Voter Motivation in the 2020 Presidential Election
A common discussion in political circles (and around certain dinner tables) has been whether voters are moved more by policies they agree with or policies they oppose. In other words, are voters voting for candidates they like or against candidates they don’t? This discussion has become even more pronounced since President Trump’s election. No president in the modern polling era has had a larger partisan gap in his job approval ratings than President Trump.
Looking ahead to the presidential election in November, we wanted to explore voter motivation in the increasingly partisan atmosphere of U.S. politics. Are Republicans and Democrats voting for their candidate or are they voting against the other guy?
The results were mixed.
Of those likely to vote for Donald Trump, the vast majority say it is because they like him and/or because they support his policies.
When survey respondents were given a choice between voting for Donald Trump and Joe Biden, 38% said they would vote for Trump. Of the 38% who said they were voting for Trump, the vast majority (90%) said it is because they like him and his policies, or it is because they like his policies (but not necessarily him personally). Fewer than 10% of respondents likely to vote for Trump say they would do so because they “don’t like Biden and his policies.”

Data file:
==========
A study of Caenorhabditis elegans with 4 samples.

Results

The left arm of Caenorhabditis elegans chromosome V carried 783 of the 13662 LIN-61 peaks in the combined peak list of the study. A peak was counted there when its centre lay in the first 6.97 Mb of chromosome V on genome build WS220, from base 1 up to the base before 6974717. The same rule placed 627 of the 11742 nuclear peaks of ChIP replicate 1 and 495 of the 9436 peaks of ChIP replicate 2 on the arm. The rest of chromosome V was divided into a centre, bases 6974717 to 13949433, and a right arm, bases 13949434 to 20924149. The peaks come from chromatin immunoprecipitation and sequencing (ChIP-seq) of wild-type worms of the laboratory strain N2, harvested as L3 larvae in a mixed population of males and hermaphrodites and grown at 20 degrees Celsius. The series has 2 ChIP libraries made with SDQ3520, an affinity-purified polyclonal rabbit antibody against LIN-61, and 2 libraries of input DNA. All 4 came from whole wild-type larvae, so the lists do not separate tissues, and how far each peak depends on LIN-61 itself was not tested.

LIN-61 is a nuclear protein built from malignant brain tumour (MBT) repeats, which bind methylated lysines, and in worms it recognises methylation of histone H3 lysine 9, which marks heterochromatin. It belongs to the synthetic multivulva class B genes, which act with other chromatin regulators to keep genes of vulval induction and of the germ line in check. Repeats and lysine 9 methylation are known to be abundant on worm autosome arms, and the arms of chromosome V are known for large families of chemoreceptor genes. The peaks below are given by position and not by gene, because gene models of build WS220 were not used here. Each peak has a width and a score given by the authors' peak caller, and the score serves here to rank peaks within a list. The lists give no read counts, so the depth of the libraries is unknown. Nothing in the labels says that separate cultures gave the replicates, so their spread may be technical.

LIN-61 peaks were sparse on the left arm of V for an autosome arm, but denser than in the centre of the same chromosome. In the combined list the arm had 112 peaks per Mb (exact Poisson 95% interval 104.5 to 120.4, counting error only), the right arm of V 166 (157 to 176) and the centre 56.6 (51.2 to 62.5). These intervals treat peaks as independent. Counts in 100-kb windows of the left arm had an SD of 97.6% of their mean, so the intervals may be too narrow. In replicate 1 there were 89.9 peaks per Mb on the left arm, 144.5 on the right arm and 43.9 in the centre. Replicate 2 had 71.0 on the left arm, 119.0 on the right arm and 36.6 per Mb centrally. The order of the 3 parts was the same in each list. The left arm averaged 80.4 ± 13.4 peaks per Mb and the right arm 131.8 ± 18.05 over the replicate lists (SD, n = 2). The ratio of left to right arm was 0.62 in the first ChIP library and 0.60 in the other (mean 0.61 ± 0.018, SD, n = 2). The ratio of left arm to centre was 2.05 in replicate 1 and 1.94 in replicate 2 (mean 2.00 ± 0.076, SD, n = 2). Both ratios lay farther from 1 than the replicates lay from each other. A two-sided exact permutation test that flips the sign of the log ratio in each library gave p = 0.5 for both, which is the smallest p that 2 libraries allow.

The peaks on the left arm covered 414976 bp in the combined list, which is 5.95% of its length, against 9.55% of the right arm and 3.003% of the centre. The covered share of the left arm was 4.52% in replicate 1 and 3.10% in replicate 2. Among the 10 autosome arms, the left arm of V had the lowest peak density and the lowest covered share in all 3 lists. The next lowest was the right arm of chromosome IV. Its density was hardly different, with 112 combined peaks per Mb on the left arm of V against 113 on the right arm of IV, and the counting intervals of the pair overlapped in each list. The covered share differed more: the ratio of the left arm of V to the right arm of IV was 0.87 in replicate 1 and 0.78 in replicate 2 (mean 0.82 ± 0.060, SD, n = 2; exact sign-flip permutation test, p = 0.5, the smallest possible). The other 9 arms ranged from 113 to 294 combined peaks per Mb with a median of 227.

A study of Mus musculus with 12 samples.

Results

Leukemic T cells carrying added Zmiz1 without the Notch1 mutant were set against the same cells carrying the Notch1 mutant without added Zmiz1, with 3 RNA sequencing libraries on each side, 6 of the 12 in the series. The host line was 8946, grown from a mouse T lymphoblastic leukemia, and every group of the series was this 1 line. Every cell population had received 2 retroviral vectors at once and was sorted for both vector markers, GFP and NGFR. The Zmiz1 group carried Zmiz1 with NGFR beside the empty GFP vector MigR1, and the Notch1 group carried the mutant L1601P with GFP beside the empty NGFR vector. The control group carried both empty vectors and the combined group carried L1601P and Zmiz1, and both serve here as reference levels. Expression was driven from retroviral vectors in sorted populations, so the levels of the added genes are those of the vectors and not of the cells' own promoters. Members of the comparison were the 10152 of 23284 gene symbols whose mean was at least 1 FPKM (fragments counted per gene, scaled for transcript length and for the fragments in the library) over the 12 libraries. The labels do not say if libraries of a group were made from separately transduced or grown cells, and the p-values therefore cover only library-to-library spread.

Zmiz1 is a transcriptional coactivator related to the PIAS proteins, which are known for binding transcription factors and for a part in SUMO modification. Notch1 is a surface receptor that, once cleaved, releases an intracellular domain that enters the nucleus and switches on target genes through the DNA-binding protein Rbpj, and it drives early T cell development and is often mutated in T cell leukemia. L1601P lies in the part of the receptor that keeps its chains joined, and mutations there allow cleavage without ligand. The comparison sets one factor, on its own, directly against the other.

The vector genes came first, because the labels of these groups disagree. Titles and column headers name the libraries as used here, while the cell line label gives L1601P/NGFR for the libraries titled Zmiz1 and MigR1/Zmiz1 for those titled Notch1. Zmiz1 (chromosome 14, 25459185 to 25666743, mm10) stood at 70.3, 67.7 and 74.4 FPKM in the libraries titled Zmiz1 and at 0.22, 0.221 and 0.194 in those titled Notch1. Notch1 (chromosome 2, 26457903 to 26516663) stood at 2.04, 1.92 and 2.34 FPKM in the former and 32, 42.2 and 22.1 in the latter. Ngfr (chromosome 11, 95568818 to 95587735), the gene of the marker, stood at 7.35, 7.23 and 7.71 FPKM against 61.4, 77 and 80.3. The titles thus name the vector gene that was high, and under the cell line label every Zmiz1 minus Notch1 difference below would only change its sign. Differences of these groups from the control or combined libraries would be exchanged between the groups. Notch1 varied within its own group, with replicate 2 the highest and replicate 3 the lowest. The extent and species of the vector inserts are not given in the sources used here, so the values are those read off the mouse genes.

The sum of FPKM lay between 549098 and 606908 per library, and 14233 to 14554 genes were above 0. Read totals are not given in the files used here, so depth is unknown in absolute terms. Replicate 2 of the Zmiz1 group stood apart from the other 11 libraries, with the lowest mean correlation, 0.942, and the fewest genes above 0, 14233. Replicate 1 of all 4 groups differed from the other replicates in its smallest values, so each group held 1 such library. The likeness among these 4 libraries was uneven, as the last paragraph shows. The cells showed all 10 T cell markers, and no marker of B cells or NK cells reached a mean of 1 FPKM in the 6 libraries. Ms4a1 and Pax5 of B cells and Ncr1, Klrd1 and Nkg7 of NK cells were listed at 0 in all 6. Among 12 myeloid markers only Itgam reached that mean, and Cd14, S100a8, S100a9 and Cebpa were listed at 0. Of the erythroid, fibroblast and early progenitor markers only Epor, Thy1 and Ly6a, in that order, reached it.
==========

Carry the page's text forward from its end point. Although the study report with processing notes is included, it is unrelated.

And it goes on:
Likely Biden Voters Were Split
When those surveyed were given a choice between voting for Donald Trump and Joe Biden, 49% said they would vote for Biden. Among those Biden supporters, voter motivation is split. Nearly half (46%) said they would vote for Biden because they didn’t like Trump and his policies. That’s significantly more than the 9% of voters who said they would vote for Trump because they don’t like Biden and his policies.
Voters on policy and personality
There’s another noteworthy contrast between these Biden and Trump voters. Only 14% of Biden voters said they would vote for Biden because they like his policies even though they don’t necessarily like him personally; 36% said they would vote for Biden because they like both him and his policies.
The respondents who said they would vote for Trump were more divided: 45% of this group said they would vote for Trump because they like his policies, but not necessarily him personally. Interestingly, the same percentage (45%) of likely Trump voters said they would vote for Trump because they like him and they like his policies.
Democrat and Republican Responses to Polarization in Presidential Elections
In an era of heightened polarization, it seems that Democrats and Republicans are responding to Presidential elections in different ways. With eight months to go until the election, Republicans say they are more likely to vote for Trump than against Biden (even if they don’t like Trump personally). Democrats, on the other hand, are more divided, with a large bloc voting against Trump.
Of course, there’s been a lot of focus on Donald Trump over the past four to five years. Whether this disparity in voter motivation holds after voters are exposed to an onslaught of opposition research about Joe Biden will be an interesting topic for future research.
This data comes from a Meeting Street Insights online survey of 1,000 registered voters conducted December 28 – 30, 2019.